HELP! Hens laying soft shell/no shell eggs!

CalBickieMomma

 

rosemarythyme

If the pills aren't helping then yes it's likely the problem is with her and her ability to absorb or utilize calcium, as you should've seen results by 1-2 weeks after starting the supplement.

I don't know if there is a solution, hope someone can advise on what else, if anything, can be done.
 

CalBickieMomma


I don't know if there is a solution, hope someone can advise on what else, if anything, can be done.
Thanks! I honestly don’t care if she ever laid another normal egg for the rest of her life. My fear is that it’ll eventually lead to egg yolk peritonitis or some other complication ☹️.
 

rosemarythyme

You'll mainly need to keep an eye on her and make sure she doesn't get egg bound (as soft eggs are harder to push out) or prolapsed from pushing so much. Really best case scenario would be she stops laying entirely on her own but it's pretty difficult to make them stop (you'd need a vet to do implants or shots, or maybe keep her in darkness all the time, but that leads to other issues).

Probably can ease off on the calcium pills, since they're not doing anything for the egg shell, though slightly elevated calcium in her diet shouldn't hurt, in case that helps at all with her passing softer eggs out of her system.
 

CalBickieMomma


Probably can ease off on the calcium pills, since they're not doing anything for the egg shell, though slightly elevated calcium in her diet shouldn't hurt, in case that helps at all with her passing softer eggs out of her system.
Thanks so much! I lost her sister (my other RIR who I got from the same bin, so very possibly biological sisters) last month due to complications from what I suspect was egg yolk peritonitis (she had water belly and when we tried to drain her, she ended up getting liquid in her lungs and died :hit), so I’m terrified I’ll lose my Hattie, too :(. So long as she keeps pushing out the soft ones, I’ll try not to worry too much. I had read about someone taking their girl in to get a hysterectomy, but I bet it’ll cost a fortune if my vet even does that kind of surgery (he sewed Hattie up a year and a half ago when she got a huge gash in her, so maybe:idunno.
 

BDutch

I don’t think it’s the calcium in the feed that causes these shell less eggs. If you get thin egg shells from all chickens, the problem is probably lacking Ca. One or a few chickens that lay eggs without a shell is often caused by a disease or internal infection.
 

CalBickieMomma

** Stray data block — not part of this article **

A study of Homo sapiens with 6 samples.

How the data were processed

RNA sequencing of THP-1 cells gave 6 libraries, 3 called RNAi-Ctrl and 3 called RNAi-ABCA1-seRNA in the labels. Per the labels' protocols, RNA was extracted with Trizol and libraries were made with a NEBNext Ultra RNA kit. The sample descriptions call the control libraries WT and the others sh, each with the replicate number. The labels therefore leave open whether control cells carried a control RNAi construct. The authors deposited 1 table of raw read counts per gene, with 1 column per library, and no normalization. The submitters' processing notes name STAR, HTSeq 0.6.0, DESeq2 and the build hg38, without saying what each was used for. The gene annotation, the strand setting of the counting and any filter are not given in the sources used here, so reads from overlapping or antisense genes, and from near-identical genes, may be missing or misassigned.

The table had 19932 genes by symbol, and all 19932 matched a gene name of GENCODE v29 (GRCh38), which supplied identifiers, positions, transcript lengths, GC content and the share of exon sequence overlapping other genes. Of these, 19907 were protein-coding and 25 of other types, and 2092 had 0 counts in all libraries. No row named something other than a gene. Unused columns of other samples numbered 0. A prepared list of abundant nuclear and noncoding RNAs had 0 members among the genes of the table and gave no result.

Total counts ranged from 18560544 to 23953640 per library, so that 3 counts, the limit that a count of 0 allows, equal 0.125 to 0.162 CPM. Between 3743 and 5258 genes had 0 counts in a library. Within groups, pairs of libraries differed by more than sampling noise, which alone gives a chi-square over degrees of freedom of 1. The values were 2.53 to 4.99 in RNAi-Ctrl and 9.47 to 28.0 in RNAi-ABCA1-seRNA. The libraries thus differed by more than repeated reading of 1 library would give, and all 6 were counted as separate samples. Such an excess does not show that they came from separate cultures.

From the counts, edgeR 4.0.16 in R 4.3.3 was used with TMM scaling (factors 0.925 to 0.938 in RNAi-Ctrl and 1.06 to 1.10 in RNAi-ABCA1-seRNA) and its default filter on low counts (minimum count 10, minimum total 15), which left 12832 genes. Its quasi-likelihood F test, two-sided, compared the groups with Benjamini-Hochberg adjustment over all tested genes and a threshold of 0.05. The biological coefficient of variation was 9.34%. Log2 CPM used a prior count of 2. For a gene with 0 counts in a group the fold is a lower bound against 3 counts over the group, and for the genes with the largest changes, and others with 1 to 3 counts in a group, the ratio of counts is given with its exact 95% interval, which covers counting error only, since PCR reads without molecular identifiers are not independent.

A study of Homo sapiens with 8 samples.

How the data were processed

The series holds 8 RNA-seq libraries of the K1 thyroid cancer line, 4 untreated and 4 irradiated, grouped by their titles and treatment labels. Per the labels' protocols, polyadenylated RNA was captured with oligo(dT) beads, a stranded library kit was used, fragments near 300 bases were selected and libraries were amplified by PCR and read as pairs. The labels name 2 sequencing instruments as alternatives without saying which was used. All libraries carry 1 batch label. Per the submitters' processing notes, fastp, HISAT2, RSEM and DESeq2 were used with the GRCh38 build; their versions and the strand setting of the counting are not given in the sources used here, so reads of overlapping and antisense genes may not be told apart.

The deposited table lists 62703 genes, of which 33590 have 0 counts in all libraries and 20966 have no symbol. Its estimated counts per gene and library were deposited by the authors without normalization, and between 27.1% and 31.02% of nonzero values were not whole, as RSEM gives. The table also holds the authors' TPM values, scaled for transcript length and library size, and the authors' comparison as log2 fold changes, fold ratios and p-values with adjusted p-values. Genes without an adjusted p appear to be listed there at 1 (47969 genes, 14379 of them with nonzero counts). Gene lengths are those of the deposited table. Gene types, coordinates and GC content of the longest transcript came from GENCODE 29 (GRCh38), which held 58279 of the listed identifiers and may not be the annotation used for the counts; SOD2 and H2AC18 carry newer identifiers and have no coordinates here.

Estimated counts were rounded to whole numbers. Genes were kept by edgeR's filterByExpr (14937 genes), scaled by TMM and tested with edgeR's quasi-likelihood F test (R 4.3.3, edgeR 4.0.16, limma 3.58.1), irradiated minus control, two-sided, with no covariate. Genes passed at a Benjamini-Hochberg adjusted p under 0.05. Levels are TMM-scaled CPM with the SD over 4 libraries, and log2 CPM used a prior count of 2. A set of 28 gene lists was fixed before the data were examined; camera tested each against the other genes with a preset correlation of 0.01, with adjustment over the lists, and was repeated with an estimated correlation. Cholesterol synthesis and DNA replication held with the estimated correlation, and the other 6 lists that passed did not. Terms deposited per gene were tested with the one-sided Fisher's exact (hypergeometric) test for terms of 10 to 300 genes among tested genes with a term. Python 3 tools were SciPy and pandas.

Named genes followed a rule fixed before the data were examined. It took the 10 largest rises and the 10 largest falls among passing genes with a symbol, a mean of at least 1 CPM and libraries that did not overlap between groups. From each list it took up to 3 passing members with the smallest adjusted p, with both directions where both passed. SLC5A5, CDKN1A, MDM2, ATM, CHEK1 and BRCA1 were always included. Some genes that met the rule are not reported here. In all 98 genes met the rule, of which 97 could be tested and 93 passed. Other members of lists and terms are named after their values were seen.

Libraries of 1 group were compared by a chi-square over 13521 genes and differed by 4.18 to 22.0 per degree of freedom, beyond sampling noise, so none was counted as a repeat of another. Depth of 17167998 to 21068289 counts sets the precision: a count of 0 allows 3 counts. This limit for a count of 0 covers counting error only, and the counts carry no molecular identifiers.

I don’t think it’s the calcium in the feed that causes these shell less eggs. If you get thin egg shells from all chickens, the problem is probably lacking Ca. One or a few chickens that lay eggs without a shell is often caused by a disease or internal infection.
I'm hoping she can heal during this autumn/winter. From what I can tell, she is able to expel the rubbery shell (but I don't know if the shell bursts when it hits the coop floor (wood shavings over dirt) because I find the remnants first thing in the morning, or if it breaks while she's expelling it (hoping the first scenario is the case, because - like I said - I worry about the eggs breaking internally and having the yolk/white cause bacterial infection). Having said that, the shell does look a bit shriveled on top of the liquid part of the egg, so she could be pushing both the inside of the egg and the outside of the egg out at once :(. She was two in June, so she's too young to be starting the major slowing down process (but if she is for any reason, that would be good because then she would stop laying naturally).

I read somewhere that oregano oil helps prevent egg yolk peritonitis, so every other week I add some to their water (I do a complete water change once a week and have started adding probiotics once a month, followed by the oregano oil, then mix in NutraDrench at week three, then back to oregano oil, then probiotics and so on and so forth). I also add garlic powder to their feed and will start mixing in ground Cayenne pepper, too. Anything I can do to keep them as healthy as possible! :wee
 

BDutch

 

CalBickieMomma

I keep it more simple. There are wild oregano plants in my garden they can eat from. Add some yoghurt and apple cider vinegar to the crumble leftovers. Put garlic in the water or their feed about once a month. My chickrns don’t need fancy supplements.
I don't let my chickens free range (my dogs aren't chicken trained and we have occasional predators and my chickens are like my children :p ). They have a nice, big covered run and coop, but I still feel a bit guilty for not letting them roam the yard for snacks, so I try to give them as many extras as I can :wee.